Waiting list for specialist school growing by the week

Aine Fitzgerald

Reporter:

Aine Fitzgerald

Minister Ruairi Quinn raises the Red Hill green flag with Minister Jan O'Sullivan and Bernie O'Connor, principal
FORTY-five children with autism are waiting for a place at a specialist school in County Limerick and the number is growing on a weekly basis according to the school principal.

FORTY-five children with autism are waiting for a place at a specialist school in County Limerick and the number is growing on a weekly basis according to the school principal.

Red Hill School currently caters for around 60 special needs children in a purpose-built facility in Patrickswell, however the site isn’t big enough to facilitate demand.

Another site, within a 10 minute drive from the current school, has been identified as being a possible suitable location for additional facilities.

According to Bernie O’Connor, administrative principal of the school, the Department of Education has requested that the plans for the proposed project be forwarded to them and they have said that they will look at its suitability.

“The proposal for the other building is for eight classes, a home economics room, a science lab, a woodwork room, sensory rooms and a high dependency unit for two classes,” Ms O’Connor explained.

Ms O’Connor was speaking after a visit by Minister for Education and Skills, Ruairi Quinn, to the school during which he raised the school’s first green flag and launched the school’s Special Olympics programme.

The minister met with children with special needs and saw, first-hand, how the use of sensory programmes and toys can benefit their progress.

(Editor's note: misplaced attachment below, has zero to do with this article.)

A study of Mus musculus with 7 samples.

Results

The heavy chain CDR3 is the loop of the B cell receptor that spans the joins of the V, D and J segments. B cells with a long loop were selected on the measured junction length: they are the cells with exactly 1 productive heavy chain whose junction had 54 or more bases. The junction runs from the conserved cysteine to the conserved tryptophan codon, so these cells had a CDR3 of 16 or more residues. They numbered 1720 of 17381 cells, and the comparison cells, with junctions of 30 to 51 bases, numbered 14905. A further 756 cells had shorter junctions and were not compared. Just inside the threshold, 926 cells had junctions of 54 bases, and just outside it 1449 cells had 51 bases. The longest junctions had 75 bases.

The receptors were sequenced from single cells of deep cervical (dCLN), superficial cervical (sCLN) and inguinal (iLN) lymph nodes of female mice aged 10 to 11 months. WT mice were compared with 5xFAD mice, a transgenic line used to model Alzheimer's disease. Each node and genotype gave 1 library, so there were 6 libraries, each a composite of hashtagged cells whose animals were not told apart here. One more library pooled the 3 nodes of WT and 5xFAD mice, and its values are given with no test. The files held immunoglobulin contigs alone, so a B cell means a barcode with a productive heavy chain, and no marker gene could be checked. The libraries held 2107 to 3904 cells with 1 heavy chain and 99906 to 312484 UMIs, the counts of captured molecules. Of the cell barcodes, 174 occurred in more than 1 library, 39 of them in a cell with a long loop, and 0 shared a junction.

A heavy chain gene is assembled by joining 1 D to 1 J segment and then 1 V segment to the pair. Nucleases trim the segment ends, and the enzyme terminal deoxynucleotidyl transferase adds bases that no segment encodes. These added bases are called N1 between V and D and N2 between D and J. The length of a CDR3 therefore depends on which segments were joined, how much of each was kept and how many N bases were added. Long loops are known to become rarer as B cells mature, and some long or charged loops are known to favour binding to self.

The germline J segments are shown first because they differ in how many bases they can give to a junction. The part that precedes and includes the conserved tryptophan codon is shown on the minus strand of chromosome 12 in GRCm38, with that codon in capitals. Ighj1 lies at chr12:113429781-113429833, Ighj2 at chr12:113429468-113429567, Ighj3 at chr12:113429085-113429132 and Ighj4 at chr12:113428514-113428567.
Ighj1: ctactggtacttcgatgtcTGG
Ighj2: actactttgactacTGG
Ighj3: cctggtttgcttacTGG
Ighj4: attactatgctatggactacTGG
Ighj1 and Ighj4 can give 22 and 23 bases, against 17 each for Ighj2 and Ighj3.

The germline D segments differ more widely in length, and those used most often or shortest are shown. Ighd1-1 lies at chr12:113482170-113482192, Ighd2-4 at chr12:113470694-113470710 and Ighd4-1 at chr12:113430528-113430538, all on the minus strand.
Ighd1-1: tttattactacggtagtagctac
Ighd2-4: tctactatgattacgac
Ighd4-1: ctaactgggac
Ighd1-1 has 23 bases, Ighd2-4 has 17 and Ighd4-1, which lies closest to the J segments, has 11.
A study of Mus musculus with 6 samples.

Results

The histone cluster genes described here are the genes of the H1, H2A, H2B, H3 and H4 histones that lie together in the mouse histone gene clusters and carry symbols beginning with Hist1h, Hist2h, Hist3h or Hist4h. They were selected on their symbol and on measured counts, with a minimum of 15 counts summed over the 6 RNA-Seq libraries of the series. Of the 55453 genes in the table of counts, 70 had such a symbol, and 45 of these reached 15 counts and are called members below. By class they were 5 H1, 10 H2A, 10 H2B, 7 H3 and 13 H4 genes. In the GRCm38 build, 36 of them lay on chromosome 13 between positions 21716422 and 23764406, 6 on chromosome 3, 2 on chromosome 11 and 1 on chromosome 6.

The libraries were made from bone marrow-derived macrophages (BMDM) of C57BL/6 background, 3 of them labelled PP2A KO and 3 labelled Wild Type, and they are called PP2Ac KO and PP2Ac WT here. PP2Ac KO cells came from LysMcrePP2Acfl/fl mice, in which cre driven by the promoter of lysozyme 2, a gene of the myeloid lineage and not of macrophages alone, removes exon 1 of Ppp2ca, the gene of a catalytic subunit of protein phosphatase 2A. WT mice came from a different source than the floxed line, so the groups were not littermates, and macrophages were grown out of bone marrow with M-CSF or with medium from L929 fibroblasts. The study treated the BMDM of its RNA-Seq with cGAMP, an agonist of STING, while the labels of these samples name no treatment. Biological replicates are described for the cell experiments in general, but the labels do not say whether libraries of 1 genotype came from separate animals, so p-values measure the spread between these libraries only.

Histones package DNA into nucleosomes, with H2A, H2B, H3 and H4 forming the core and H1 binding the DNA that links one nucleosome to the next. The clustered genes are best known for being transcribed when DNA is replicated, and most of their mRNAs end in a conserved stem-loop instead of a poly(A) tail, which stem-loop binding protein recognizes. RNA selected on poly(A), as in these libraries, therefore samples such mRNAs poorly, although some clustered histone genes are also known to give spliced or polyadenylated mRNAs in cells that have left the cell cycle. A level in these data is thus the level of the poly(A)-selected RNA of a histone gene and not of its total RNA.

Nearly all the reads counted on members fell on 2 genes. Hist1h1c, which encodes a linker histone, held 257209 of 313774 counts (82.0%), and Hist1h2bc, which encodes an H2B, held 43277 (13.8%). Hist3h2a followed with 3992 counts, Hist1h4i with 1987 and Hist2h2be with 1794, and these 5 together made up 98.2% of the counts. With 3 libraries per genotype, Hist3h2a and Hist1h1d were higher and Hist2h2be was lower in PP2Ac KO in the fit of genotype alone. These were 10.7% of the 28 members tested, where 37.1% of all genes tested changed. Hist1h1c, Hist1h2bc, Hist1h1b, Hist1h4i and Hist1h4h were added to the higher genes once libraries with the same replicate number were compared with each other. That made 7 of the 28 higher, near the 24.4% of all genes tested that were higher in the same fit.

“Forty per cent of the children here have average ability, they don’t have any intellectual disability,” Ms O’Connor explained.

“When the minister was here he asked me what is going to happen to the 40% when they finish primary cert and I looked him straight in the eye and I said; ‘Minister, I expect you are going to provide me with another building within the next year. He didn’t say no but he didn’t say yes either,” she continued.

The hope it to have a “double stream” situation whereby there would be two of every class and the building in Patrickswell would be capable of keeping children up to mainstream second class level while the top primary and post primary students would be catered for in the new facility.

“I did make him aware that I know there is a cohesion fund being announced shortly for education and I told him I hoped he might be able to put our name into the pot for that,” said Ms O’Connor.

According to the principal, there are “quite a few” students in mainstream education who are struggling.

“They might have survived the junior classes but as they get older their social skills cause a lot of problems,” she explained.

Speaking about the raising of the school’s first green flag, Ms O’Connor described it as a “wonderful day” for the school including the students, staff and parents. “We had great participation from both children and from our staff. It’s huge for us because our children have to be taught everything. To get them involved in recycling is a major thing but once they learn the skill they will bring it into their home life,” she explained. Minister Quinn told the children that they had been awarded the green flag because they are very good in terms of looking after the environment and urged them always to remember the three Rs – reduce, recycle and reuse.